Sheryl Sorby Wins ASEE Award for Women in Engineering Education
By Jennifer Donovan | Published
The American Society for Engineering Education (ASEE) has honored Sheryl Sorby with
its 2011 Sharon Keillor Award for Women in Engineering Education. Sorby is a professor
of mechanical engineering at Michigan Technological University. The national award
recognizes women who are making outstanding contributions to engineering education.
"Sheryl has made significant contributions to engineering education through her research on three-dimensional visualization skills," said Michigan Tech College of Engineering Dean Tim Schulz. "I am pleased to see her receive this well-deserved recognition for her outstanding contributions to engineering education."
Mechanical Engineering-Engineering Mechanics Chair Bill Predebon also praised Sorby,
calling her "an educational innovator, which she has demonstrated through her research
and throughout her career at Michigan Tech."
Said Sorby: "I'm very gratified to receive this award and appreciate the efforts of Michigan Tech colleagues, especially Chris Anderson, who helped with the nomination packet. Things have changed for women in engineering since I started down this path--they aren't perfect, but it has gotten better. My two daughters are studying engineering. Hopefully the environment for them is better than it was for me."
Sorby is the director of Tech's Engineering Education Innovation Research Group. She is known for preparing engineering students and middle school students to think like engineers. Her research interests include advanced composite materials for use in civil infrastructure and 3-D computer graphics for visualization of complex behaviors.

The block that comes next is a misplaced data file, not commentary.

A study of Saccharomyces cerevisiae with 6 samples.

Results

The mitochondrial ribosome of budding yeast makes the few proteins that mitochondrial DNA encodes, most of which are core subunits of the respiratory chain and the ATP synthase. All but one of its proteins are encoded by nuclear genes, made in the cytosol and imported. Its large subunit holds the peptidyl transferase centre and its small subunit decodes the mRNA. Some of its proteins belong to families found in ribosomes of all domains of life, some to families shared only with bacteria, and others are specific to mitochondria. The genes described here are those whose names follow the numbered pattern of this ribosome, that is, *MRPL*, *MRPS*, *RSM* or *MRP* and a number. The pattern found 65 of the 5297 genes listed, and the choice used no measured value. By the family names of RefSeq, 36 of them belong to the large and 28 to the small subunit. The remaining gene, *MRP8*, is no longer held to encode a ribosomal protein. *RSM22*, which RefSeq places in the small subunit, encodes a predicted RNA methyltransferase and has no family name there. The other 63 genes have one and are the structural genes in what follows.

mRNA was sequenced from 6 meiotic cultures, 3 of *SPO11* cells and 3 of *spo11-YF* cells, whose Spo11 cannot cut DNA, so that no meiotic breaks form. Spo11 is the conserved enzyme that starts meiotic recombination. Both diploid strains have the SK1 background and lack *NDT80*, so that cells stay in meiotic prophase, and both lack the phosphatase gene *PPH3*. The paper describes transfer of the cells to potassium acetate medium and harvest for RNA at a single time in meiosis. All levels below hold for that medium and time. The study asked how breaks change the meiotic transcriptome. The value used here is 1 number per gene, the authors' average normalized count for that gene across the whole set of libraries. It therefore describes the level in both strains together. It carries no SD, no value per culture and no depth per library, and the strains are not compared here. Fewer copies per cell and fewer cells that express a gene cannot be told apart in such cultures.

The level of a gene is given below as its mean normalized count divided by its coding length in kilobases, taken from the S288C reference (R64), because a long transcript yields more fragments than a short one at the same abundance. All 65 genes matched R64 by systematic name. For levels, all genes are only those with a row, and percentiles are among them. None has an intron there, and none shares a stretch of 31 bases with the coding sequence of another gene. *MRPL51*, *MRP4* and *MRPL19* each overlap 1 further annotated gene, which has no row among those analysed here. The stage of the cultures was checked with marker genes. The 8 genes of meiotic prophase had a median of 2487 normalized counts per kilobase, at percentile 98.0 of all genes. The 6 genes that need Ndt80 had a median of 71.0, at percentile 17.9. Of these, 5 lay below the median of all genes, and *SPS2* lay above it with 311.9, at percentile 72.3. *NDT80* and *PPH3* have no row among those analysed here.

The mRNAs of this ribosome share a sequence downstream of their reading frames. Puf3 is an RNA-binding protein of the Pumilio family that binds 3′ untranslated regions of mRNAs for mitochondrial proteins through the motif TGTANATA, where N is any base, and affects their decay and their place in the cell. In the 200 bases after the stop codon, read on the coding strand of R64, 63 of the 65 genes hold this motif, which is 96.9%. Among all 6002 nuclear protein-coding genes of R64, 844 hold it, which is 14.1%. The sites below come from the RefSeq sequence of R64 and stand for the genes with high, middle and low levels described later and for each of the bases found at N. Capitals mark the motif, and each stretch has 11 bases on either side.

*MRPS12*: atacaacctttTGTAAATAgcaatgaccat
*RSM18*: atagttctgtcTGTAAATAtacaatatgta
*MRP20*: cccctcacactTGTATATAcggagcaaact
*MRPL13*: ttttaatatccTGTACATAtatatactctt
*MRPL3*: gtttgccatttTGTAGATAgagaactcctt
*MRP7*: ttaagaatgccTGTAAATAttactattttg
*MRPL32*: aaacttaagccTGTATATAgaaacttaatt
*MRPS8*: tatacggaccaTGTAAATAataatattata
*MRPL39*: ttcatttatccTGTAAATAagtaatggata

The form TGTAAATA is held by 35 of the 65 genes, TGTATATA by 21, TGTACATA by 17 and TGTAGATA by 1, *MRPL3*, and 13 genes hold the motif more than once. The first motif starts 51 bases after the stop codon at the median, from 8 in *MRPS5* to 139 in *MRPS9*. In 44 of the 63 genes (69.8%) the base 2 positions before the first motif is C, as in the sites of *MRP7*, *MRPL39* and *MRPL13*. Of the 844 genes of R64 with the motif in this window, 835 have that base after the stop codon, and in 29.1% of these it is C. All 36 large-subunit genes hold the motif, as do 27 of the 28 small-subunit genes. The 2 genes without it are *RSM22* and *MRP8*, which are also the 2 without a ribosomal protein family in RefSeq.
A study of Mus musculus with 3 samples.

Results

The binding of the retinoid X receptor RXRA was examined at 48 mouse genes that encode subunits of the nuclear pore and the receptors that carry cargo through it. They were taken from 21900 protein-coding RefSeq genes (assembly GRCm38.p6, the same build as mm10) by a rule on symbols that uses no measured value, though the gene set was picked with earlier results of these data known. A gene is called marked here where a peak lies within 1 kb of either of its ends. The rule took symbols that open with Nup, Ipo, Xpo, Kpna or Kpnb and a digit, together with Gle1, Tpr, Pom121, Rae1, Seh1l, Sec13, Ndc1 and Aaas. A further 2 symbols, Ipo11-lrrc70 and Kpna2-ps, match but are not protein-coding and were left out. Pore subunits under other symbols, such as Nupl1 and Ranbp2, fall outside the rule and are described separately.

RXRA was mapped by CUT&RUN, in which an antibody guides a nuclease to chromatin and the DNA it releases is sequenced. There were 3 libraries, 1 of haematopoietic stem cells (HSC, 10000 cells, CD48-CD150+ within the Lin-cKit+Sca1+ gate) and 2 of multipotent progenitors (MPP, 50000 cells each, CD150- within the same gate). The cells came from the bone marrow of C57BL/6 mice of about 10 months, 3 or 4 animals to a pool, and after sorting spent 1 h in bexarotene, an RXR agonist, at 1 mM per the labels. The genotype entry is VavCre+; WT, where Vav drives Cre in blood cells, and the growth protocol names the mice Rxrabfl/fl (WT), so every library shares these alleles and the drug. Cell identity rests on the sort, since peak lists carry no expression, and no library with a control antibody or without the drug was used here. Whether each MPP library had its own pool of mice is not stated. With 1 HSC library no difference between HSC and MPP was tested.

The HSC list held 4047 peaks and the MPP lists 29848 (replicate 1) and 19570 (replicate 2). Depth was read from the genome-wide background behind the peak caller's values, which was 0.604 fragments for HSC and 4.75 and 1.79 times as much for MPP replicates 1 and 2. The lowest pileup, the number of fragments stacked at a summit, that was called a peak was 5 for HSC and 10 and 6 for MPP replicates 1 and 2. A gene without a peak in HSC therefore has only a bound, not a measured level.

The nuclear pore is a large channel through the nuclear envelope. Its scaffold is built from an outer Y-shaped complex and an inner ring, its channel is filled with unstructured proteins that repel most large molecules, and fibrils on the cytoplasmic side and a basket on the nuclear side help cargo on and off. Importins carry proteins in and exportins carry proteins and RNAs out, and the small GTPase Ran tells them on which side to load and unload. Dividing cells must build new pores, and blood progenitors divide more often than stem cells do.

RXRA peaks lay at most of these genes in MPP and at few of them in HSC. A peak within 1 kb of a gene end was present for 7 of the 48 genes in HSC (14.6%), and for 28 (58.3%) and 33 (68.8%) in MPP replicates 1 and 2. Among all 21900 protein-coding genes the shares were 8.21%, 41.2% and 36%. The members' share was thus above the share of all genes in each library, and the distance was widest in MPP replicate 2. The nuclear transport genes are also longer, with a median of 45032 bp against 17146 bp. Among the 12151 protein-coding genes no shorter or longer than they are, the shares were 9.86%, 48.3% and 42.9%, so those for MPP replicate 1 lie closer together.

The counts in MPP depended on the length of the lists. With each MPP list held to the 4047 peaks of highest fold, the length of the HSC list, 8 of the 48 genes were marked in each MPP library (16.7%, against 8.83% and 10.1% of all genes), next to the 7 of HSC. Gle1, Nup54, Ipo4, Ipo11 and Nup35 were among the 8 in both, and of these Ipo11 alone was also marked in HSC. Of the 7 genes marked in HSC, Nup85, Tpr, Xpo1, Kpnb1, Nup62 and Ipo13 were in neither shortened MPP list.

She is the principal investigator on a National Science Foundation-funded project to develop a curriculum in service systems engineering at Michigan Tech. This new engineering specialty focuses on people and human behavior, on processes rather than products and on customer interaction with service systems of many kinds--from health care and social services to transportation, hospitality and food services, utilities, financial and insurance services, waste management and security.
Michigan Technological University is a public research university, home to more than 7,000 students from 54 countries. Founded in 1885, the University offers more than 120 undergraduate and graduate degree programs in science and technology, engineering, forestry, business and economics, health professions, humanities, mathematics, and social sciences. Our campus in Michigan’s Upper Peninsula overlooks the Keweenaw Waterway and is just a few miles from Lake Superior.